The Zimpel Family

Gustav Klimt and the Zimpel family, December 1916, ARGE Sammlung Gustav Klimt, Dauerleihgabe im Leopold Museum, Wien
© Leopold Museum, Wien

Gustav Klimt and the Zimpel family in Litzlberg, summer 1905, ARGE Sammlung Gustav Klimt, Dauerleihgabe im Leopold Museum, Wien
© Leopold Museum, Wien

Gustav Klimt: Picture postcard from Gustav Klimt in Kammer am Attersee to Julius Zimpel jun. in Vienna, presumably 08/31/1902, ARGE Sammlung Gustav Klimt, Dauerleihgabe im Leopold Museum, Wien
© Leopold Museum, Wien

Johanna, the youngest sister of Gustav Klimt, married into the Zimpel family. The artist had close ties to the family, spending time with his relatives on the Attersee or celebrating Christmas with them. Gustav Klimt was also the godfather of his nephews Julius and Gustav Zimpel.

Gustav Klimt’s youngest sister Johanna married the accountant Julius Zimpel in Vienna in 1895. They had four children, born between 1896 and 1904. Klimt was the godfather of his two nephews Julius and Gustav Zimpel, as the relevant baptismal registers reveal. There, the artist himself confirmed his godfatherhood with his unmistakable signature.

Klimt had very close ties to his sister’s family. During his travels abroad or his summer sojourns in Austria he corresponded regularly with them and sent them picture postcards. There are also several photographs, created presumably during a summer sojourn on the Attersee after 1905, which show the artist with the Zimpel family.

Julius Zimpel’s Career
Like Gustav Klimt, Julius Zimpel attended the School of Arts and Crafts at the Austrian Museum of Art and Industry (now MAK – Museum of Applied Arts), where his teachers included Alfred Roller and Koloman Moser. He had success as a painter and graphic artist and specialized in book illustrations. According to various media reports, he succeeded the designer Dagobert Peche at the Wiener Werkstätte after World War I. The young artist, who was listed among the most talented young Viennese graphic artists by the Neues Wiener Journal on 4 June 1921, died aged only 28 in 1925.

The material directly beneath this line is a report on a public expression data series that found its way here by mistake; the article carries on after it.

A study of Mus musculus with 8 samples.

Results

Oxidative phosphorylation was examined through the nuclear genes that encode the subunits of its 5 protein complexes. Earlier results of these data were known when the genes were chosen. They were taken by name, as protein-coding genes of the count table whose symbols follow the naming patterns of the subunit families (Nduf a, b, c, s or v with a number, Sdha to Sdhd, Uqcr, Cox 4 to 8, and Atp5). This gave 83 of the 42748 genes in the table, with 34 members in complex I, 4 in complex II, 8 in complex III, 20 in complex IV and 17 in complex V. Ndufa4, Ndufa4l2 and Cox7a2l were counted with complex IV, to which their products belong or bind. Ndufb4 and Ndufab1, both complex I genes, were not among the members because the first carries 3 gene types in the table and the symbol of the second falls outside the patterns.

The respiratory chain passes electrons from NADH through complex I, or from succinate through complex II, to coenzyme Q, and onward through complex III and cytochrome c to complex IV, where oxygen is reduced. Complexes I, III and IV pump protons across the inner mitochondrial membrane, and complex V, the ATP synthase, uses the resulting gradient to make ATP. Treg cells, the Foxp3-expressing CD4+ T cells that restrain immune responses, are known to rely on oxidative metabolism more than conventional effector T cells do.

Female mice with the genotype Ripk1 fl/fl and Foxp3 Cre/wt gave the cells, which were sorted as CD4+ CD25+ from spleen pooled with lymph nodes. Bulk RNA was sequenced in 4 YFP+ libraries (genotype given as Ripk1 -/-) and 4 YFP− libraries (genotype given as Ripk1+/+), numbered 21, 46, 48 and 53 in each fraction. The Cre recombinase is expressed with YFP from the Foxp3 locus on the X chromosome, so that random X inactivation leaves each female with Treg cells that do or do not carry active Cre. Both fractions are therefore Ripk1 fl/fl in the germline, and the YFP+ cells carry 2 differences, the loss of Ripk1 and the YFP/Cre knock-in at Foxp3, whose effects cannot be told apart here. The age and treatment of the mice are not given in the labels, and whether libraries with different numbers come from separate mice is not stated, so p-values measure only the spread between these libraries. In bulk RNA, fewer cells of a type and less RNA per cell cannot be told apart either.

A Visit to Johanna Zimpel
An article titled Eine alte Wiener Künstlerfamilie. Das Erbe des Maler-Apostels Gustav Klimt [An old Viennese Artists’ Family. The Legacy of the Painters’ Apostle Gustav Klimt], written by the journalist Rose Poor-Lima, was published in the Sunday supplement of the daily newspaper Neues Wiener Tagblatt on 29 December 1940. The author recalled a personal conversation with Klimt’s sister Johanna Zimpel, whom she had visited at her apartment. Johanna, whose husband and siblings had by then all passed away, for instance talked about her son Julius Zimpel, who had died at an early age and who, just like his uncle and godfather, had chosen an artistic career:

“Julius was one of those who can live only in beauty. When we gave our small private concerts at our home on Sundays, he would paint invitations and programs in the colors of the tablecloth and cups, a matching bouquet had to be put on the table; the slightest disharmony could hurt his eyes.”

The article also discussed Johanna’s memories of her two brothers Ernst and Gustav Klimt, their joint creative work in the context of the “Künstler-Compagnie” and especially Gustav’s relations with his family. Her apartment was decorated with several works by her brothers – including the likeness of their mother, Gustav Klimt’s Portrait of Anna Klimt (1897/98, current location unknown). Johanna Zimpel also owned a photograph of Gustav Klimt in his painter’s smock and a picture of his confidant Emilie Flöge.

Literature and sources

  • Sandra Tretter, Peter Weinhäupl, Felizitas Schreier, Georg Becker (Hg.): Gustav Klimt. Atelier Feldmühlgasse 1911–1918, Vienna 2014.
  • Sandra Tretter, Peter Weinhäupl (Hg.): Gustav Klimt. Sommerfrische am Attersee 1900-1916, Vienna 2015.
  • Neues Wiener Journal, 10.10.1925, S. 4.
  • Neues Wiener Journal, 04.06.1912, S. 4.
  • Taufbuch 1896 (Tomus 80), röm.-kath. Pfarre Gumpendorf, Wien, fol. 148.
  • Taufbuch 1904 (Tomus 88), röm.-kath. Pfarre Gumpendorf, Wien, fol. 12.
  • Felix Czeike (Hg.): Historisches Lexikon Wien, Band 5, Vienna 1997, S. 706.
  • Rose Poor-Lima: Eine alte Wiener Künstlerfamilie. Das Erbe des Maler-Apostels Gustav Klimt, in: Neues Wiener Tagblatt, 29.12.1940, S. 17.